HOUSTON (FOX 26) - When your loved one needs an ambulance, 17 minutes is an excruciatingly long time to wait. Knowing that an ambulance was possibly 4 minutes away has to be heartbreaking.
"For 14 minutes the heart stopped," Kofing Jumah says about her husband's heart attack on February 28th. "But 5 minutes, no blood or oxygen to the brain. So in 5 minutes it happened."
Jumah says it was 12:30 a.m. Her husband, Rezan Ahmed, was driving when he suddenly became ill and pulled off the road. Harris County Sheriff's Office deputies came up on the scene and, according to the county's records, radioed for an ambulance immediately. But 6 minutes ticked off the clock before Harris County 9-1-1 called Cypress Creek Dispatch.
"Fry Road and Franz," the 9-1-1 operator said at 12:36 a.m. "A medical emergency. A man passing out."
Fry and Franz is the territory of Harris County Emergency Services Department 48. HCESD 48 had an ambulance on its way from Station 3, at 1773 Westgreen in Katy, by 12:37 a.m. The driving distance was just over 4 miles. The travel time 10 minutes. The ambulance arrived at 12:47 a.m.
But Westlake EMS at 19636 Saums Road, Houston, was right around the corner from the the scene.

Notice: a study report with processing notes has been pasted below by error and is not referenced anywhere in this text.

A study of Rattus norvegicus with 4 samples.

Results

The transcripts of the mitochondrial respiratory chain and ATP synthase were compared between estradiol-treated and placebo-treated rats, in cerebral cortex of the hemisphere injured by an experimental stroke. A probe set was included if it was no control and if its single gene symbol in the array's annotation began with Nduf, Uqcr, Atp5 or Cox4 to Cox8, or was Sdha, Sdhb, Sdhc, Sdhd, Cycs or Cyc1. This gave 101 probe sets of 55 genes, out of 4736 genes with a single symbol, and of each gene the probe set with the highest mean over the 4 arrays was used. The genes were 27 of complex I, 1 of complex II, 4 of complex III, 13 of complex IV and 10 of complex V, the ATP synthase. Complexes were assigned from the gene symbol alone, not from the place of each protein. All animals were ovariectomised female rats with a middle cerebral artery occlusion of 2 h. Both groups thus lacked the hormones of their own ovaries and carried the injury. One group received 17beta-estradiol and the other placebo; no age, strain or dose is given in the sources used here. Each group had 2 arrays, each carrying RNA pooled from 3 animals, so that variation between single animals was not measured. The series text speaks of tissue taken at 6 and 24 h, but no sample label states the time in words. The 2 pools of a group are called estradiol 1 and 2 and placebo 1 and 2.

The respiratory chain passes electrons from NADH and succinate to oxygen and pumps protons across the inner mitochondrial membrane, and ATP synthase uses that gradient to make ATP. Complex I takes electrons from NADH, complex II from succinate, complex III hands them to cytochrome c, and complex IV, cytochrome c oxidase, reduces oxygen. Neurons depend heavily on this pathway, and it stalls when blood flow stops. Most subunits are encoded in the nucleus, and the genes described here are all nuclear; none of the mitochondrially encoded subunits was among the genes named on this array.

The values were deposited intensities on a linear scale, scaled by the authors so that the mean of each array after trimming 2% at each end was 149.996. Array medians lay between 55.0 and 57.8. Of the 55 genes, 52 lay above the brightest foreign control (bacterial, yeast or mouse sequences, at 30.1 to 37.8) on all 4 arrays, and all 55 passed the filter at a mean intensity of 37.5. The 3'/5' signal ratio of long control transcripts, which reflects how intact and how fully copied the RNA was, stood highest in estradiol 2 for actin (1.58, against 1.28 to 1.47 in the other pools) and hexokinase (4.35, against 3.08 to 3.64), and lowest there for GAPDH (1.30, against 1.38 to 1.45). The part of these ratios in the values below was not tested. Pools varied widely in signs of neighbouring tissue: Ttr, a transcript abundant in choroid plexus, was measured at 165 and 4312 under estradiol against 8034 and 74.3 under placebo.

"I would say our response time would have been 3 to 4 minutes at the most," Westlake Chief Mark Palmer told Fox26.
Palmer says he had 2 ambulances and a full staff at his station that night. But Cypress Creek followed proper protocol.
"With the information I have, I see no negligence. I see a glitch in the system," Chief Palmer said. "The 911 operator said they needed EMS at Fry and Franz. Com Center put it in. The computer generated who it went to, and there was no delay as far as I have found."
Palmer says Westlake and HCESD 48 work together as one, and this is an unusual, albeit, very unfortunate situation.
For HCESD 48's part, Chief Jeffrey Hevey said they did all that they could from their end. They would have sent an ambulance from their Station #4, which would have been a little closer, but Station 4's ambulance was already on a call.
Palmer says he and Cheif Hevey will be meeting Thursday.
"We were supposed to discuss joint training between our two departments. Like I've said, we're one big happy family, usually," Palmer said. "But tomorrow I'm sure the topic will be 'How can we serve our residents a little bit better?'"
Chief Palmer does have advice for residents. He said know who your fire department is, so if you ever need to call 911, you can tell them which department you want dispatched.
Sadly, not even this advice would have helped Jumah or her husband, though. When deputies rolled up on the scene, they called for the ambulance, so Jumah didn't need to.
Now 49-year-old Ahmed, the father of 2 children, has been in a coma, on life support, for 10 days. According to Jumah, doctors say Ahmed is brain dead, and will pass if life support is removed. No one will ever know how things would be different if medics had gotten to him sooner, but Jumah will be wondering forever.